Retirees in Certain States Face the Risk of Losing Social Security Payments

Retirees in Certain States Face the Risk of Losing Social Security Payments. In some states, retirees may face the alarming prospect of losing a substantial portion of their monthly Social Security checks.

Retirees in Certain States Face the Risk of Losing Social Security Payments

The United States has well-established rules governing the Social Security payment system, making it possible for beneficiaries to predict the exact date and amount of their monthly disbursements. However, discrepancies in state tax policies can put some retirees’ Social Security benefits in jeopardy.

This article delves into the specific states that levy taxes on Social Security beneficiaries and the related tax regulations that retirees should be aware of to safeguard their financial planning.

States Imposing Taxes on Social Security Benefits

There are 12 states across the United States that impose state taxes on Social Security beneficiaries. These taxes are separate from federal taxes and can significantly impact retirees’ financial well-being. To help you navigate this issue, we’ve compiled a list of these states and provided insights into the tax specifics you should consider for effective financial planning with your Social Security income.


  • Retirees aged 65 or younger earning over $20,000 in taxable benefits are subject to state taxes.
  • Only the income exceeding $20,000 is taxable; amounts below this threshold are exempt from taxation.


  • Individual Tax Return beneficiaries with an annual income of $75,000 or higher are required to pay approximately 6% in state taxes.
  • The exact tax percentage depends on the total income amount.


  • Beneficiaries earning more than $75,000 annually must allocate 5.7% of their Social Security payments to state taxes.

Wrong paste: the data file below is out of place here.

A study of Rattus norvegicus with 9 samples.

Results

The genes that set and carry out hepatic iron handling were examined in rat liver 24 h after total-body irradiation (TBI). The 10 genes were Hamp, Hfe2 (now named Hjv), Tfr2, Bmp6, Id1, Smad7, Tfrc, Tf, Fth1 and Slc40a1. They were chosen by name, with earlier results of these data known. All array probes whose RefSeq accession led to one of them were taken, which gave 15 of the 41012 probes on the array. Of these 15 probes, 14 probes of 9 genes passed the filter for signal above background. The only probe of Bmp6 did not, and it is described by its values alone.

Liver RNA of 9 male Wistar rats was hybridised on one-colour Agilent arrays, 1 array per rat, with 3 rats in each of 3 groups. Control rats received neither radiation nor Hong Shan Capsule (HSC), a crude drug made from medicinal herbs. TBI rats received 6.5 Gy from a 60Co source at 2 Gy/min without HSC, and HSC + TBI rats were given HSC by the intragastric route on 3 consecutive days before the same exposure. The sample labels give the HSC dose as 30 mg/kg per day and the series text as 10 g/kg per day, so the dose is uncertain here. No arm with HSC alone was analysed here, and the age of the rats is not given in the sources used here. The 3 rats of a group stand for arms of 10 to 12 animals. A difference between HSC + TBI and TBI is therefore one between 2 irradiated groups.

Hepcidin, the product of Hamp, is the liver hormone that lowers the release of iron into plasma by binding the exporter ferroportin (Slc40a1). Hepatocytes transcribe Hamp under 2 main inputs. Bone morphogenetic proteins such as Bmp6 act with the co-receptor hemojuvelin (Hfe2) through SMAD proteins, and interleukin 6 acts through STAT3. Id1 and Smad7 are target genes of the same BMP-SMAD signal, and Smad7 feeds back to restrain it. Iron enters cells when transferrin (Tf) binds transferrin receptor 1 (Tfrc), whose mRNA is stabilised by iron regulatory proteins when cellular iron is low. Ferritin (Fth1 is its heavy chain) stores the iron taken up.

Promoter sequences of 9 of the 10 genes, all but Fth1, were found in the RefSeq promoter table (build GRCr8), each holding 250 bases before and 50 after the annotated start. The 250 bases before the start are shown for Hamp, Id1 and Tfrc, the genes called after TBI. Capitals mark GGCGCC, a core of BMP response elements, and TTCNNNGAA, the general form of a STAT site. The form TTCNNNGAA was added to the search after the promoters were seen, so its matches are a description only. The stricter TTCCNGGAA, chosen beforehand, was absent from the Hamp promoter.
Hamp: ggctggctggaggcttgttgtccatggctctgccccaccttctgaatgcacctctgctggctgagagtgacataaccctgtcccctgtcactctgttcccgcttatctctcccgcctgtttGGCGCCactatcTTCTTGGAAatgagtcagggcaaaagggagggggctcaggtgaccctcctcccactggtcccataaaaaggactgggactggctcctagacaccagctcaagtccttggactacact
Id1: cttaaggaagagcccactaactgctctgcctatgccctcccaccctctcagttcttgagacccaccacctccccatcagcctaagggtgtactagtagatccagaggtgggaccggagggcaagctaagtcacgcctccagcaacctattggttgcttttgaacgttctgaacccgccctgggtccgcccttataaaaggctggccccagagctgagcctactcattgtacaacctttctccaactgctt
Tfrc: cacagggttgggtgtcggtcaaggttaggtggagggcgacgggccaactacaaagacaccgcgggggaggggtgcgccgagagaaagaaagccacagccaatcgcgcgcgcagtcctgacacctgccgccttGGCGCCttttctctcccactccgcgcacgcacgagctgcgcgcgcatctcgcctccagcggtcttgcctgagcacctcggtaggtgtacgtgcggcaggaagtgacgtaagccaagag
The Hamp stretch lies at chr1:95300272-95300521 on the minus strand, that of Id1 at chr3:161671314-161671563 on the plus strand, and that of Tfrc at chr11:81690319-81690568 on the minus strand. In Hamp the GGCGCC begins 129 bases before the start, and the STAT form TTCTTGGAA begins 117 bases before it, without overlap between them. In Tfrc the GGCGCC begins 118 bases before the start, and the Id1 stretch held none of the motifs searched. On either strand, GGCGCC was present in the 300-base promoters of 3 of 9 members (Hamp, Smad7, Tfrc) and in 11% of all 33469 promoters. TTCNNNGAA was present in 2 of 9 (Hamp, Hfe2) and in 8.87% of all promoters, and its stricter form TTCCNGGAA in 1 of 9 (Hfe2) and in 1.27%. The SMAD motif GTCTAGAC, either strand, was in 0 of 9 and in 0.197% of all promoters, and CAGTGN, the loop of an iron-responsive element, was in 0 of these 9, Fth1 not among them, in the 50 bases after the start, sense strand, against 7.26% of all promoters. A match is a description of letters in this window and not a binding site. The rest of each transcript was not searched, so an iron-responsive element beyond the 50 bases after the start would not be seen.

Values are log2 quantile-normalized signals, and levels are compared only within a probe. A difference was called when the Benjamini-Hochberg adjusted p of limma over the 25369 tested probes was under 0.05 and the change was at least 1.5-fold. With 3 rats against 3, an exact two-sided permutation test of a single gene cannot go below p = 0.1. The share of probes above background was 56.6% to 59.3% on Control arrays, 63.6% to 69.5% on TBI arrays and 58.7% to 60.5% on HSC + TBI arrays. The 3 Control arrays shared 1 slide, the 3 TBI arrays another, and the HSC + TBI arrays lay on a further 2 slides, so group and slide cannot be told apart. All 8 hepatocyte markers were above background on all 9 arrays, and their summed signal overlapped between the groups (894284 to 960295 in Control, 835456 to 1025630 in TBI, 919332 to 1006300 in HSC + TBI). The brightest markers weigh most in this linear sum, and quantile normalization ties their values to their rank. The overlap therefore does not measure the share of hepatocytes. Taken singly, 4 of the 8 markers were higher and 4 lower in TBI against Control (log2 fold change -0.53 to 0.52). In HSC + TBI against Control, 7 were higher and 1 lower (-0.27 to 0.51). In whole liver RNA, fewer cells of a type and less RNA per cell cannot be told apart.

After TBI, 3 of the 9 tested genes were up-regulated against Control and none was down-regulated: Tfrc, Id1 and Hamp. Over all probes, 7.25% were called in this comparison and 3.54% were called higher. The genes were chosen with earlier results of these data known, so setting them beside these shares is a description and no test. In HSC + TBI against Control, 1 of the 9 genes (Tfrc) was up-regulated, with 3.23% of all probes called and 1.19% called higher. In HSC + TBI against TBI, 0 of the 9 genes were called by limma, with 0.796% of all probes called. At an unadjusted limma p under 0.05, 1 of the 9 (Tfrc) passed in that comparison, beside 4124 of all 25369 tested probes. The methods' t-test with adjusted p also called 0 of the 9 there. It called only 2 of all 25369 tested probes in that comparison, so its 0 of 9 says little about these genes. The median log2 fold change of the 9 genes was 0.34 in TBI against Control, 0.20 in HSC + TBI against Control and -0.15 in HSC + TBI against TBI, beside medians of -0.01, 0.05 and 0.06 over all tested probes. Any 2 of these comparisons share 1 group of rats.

• In Minnesota, the tax rate on Social Security benefits varies from 6.8% to 9.85%, depending on whether the beneficiary’s monthly income exceeds a specific threshold.


  • Single beneficiaries exceeding $85,000 or joint beneficiaries with an annual income over $100,000 are subject to a 5.4% tax on a portion of their Social Security benefits.


  • Montana imposes a tax on beneficiaries earning more than $25,000. They must pay 6.75% of 85% of their Social Security benefits.


  • All Social Security income is subject to taxation in Nebraska, with rates typically around 4%, but they can go as high as 6.84%, depending on the total annual income.

New Mexico

  • Beneficiaries with benefits exceeding $100,000 will encounter state taxes ranging from 4.9% to 5.9%.

Rhode Island

  • In Rhode Island, beneficiaries surpassing the $95,800 income threshold will face state taxes varying from 4.75% to 5.99%.\


  • Utah imposes a 4.65% tax on annual Social Security payments exceeding $45,000.


  • Residents of Vermont with an annual income above $50,000 are liable for state taxes, with rates ranging from a minimum of 3.35% to a maximum of 8.7%.

West Virginia

  • Beneficiaries with an annual benefit exceeding $50,000 in West Virginia will incur state taxes at a rate of 5.13%.

While this information provides a broad overview of the states imposing taxes on Social Security benefits, it’s advisable to consult with a tax specialist or financial advisor if you have concerns or uncertainties about your tax liability. This guidance can ensure that you accurately file your Tax Return and meet all the necessary obligations related to your Social Security income.